We build our futures together, in the words we exchange today.
Even though I have studied and applied many communication models over the years with the intention of helping my clients solve their communication challenges, I am always open to learning new models, both for myself and for them. I begin learning a new model with two questions in mind: How will using this model improve how I communicate? How will this model improve how my clients communicate?
From learning many different models I know that every perspective on human communication reveals new possibilities. However, I also know blind spots remain within each one. I define blind spots as what we can’t see about how we speak and listen. How our cultures speak through us and how we listen with cultural ears are both intercultural blind spots that we all share. The most insidious blind spot is to believe that you have no blind spots. Since I encourage my clients to become aware of their own blind spots, it would be hypocritical of me if I was not willing to do the same.
This was the attitude I brought to a recent reading of Non-Western Perspectives on Human Communication: Implications for Theory and Practice (SAGE Publications, 2002). I was hoping that author Min-Sun Kim, a professor in the Department of Speech at the University of Hawaii, could reveal to me some of the blind spots of my Western communication model. Indeed, the thesis of her book is that prevalent communication theories are concealing more about human communication than they reveal.
Conducted as they have been by primarily Americans and Europeans during the last century, they have defined the norms of human communication as “communication approach over avoidance, confrontation over withdrawal in conflict, talk over silence, independence over conformity, boastful self-disclosure over negative self-disclosure,” to name just a few in a rather lengthy list.
A chapter is devoted to each of these, citing studies and revealing the limitations of the researchers’ methodologies. The author indicates that she expected her book to be controversial and her intention is clearly stated: “Our ultimate goal must be nothing less than a thorough redefinition of personhood and human nature. Reaching this objective will have a profound effect on the further evolution of our (U.S.A.) culture and on our understanding of human communication.” While the book’s target audience is researchers in the field of human communication, what relevance does it have for the rest of us?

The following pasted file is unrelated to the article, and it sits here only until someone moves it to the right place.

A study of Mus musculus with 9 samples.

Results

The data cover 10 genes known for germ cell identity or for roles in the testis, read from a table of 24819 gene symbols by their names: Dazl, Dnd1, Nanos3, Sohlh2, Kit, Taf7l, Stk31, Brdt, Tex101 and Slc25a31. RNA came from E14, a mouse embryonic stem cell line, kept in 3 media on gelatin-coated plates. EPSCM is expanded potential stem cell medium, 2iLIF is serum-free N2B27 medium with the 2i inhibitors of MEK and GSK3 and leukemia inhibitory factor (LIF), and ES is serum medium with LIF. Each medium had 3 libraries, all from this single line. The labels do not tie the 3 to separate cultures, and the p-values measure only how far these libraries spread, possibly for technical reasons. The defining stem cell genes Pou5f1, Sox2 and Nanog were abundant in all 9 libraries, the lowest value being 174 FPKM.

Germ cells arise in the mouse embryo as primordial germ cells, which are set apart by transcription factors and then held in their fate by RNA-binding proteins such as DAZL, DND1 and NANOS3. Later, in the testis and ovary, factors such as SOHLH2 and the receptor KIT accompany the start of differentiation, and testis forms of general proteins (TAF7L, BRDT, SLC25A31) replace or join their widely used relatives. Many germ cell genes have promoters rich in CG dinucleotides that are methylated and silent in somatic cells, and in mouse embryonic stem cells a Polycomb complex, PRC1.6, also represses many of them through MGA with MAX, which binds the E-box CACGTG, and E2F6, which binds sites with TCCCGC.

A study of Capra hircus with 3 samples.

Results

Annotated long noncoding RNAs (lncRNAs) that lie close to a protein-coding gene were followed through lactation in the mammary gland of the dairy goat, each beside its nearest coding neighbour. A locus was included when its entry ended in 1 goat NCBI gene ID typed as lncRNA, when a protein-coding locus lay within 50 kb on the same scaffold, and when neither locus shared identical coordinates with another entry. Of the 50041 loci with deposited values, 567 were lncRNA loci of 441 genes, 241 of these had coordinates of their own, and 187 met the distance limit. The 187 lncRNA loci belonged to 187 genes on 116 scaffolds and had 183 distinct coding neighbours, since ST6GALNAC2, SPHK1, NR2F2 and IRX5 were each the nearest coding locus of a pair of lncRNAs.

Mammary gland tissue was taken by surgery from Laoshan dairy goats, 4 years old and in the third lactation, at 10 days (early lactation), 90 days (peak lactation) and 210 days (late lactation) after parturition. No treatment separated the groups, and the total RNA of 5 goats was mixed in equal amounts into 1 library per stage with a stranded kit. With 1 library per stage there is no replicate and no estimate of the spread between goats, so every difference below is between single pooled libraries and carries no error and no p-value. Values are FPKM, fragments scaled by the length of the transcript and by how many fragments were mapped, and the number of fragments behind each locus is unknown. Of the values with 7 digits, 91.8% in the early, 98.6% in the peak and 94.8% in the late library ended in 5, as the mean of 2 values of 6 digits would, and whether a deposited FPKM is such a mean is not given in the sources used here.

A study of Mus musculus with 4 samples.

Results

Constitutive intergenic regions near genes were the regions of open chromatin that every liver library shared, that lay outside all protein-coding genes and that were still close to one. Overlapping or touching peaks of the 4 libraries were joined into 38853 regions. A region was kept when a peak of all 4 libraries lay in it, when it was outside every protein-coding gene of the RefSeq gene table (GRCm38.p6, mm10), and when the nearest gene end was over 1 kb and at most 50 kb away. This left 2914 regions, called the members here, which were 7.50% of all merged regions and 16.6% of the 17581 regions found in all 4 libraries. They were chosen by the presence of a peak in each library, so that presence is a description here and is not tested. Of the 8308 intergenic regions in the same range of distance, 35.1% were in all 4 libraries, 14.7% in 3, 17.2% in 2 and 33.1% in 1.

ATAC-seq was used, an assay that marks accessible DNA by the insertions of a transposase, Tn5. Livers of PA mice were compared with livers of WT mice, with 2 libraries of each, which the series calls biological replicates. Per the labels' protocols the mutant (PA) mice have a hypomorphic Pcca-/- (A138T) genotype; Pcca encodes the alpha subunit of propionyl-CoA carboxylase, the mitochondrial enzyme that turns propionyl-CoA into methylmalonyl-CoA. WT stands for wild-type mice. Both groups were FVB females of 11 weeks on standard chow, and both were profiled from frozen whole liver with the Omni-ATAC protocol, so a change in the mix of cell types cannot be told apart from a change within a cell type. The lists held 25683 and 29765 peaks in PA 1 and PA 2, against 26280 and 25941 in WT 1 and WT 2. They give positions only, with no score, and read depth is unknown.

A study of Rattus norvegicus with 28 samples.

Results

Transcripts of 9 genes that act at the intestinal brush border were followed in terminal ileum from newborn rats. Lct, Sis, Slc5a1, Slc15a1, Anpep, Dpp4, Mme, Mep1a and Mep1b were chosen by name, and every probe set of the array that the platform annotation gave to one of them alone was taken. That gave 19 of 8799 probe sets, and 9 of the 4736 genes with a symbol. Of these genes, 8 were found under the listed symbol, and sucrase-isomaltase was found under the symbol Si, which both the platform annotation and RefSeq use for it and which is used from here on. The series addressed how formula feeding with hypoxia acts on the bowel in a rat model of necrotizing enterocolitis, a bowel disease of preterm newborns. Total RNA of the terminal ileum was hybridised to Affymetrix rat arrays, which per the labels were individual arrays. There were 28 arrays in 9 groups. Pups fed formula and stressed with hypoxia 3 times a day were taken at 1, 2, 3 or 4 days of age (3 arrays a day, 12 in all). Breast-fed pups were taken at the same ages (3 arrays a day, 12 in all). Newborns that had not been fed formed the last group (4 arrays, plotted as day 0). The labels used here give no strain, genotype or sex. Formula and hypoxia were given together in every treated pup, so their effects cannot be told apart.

For those interested in the topic of intercultural communication on a theoretical level, this book provides a thorough overview of the two most prevalent labels used in intercultural communication studies: individualistic cultures and collectivistic cultures. In this book these labels are not just presented as abstract theories but are brought to life as ways of being, seeing and doing. After all, our cultures have been embodied and play out in all our interactions, every minute of every day. Indeed, none of us see ourselves as being individualistic or collectivistic. Each of us, she writes, are simply “practices, habits, and customs that appear as subjectively natural ways of acting and interacting with others.”
Then, just like a surprise twist in a mystery novel, the last part of the book challenges those very labels themselves. The author cites recent researchers in the field of communication who claim that it is not an either-or proposition at all but that instead all human beings and cultures blend collectivism and individualism. Her conclusion is that, “If individualism and collectivism coexist in both the cultural and individual levels, then it is critical that future hypotheses involve very precise predictions regarding the linkages between the various aspects of individualism-collectivism and individual’s behaviour.” The author states that such approaches are “only now beginning to emerge, to be conceptualized, and to be integrated into the human communication literature” and rightly calls this a paradigm shift.
For those of us working as consultants and educators within the intercultural field, what does such a paradigm shift mean? It will require us to invent new ways of speaking about intercultural issues with our clients. While we can all readily agree that perpetuating cultural stereotypes is inappropriate, perhaps the time has come to agree that perpetuating labels of entire cultures that are proving not only inaccurate but misleading is equally inappropriate. By staying open to new perspectives that challenge our own, we will be able to help our clients in ways that we could not have anticipated.
For those managing intercultural teams, or for those who work within intercultural business contexts, such a paradigm shift means that you may have more blind spots than you are willing to admit.
Practically speaking, for all of us in the intercultural field — researchers, professors, intercultural consultants, intercultural communication trainers, global mobility managers, and employees of international companies — it can appear easier to apply a label to explain something or someone that we do not understand. We may then honestly believe that there is no need to look again or to inquire further. However, the most logical approach, as the author implies, is not necessarily the best in terms of building better human relationships. How can we find a blend like the one that she is advocating; one that offers a “more truly universal understanding of human communication behaviour.” It will take more effort than some of us are willing to invest but all any of us stand to lose is our blind spots.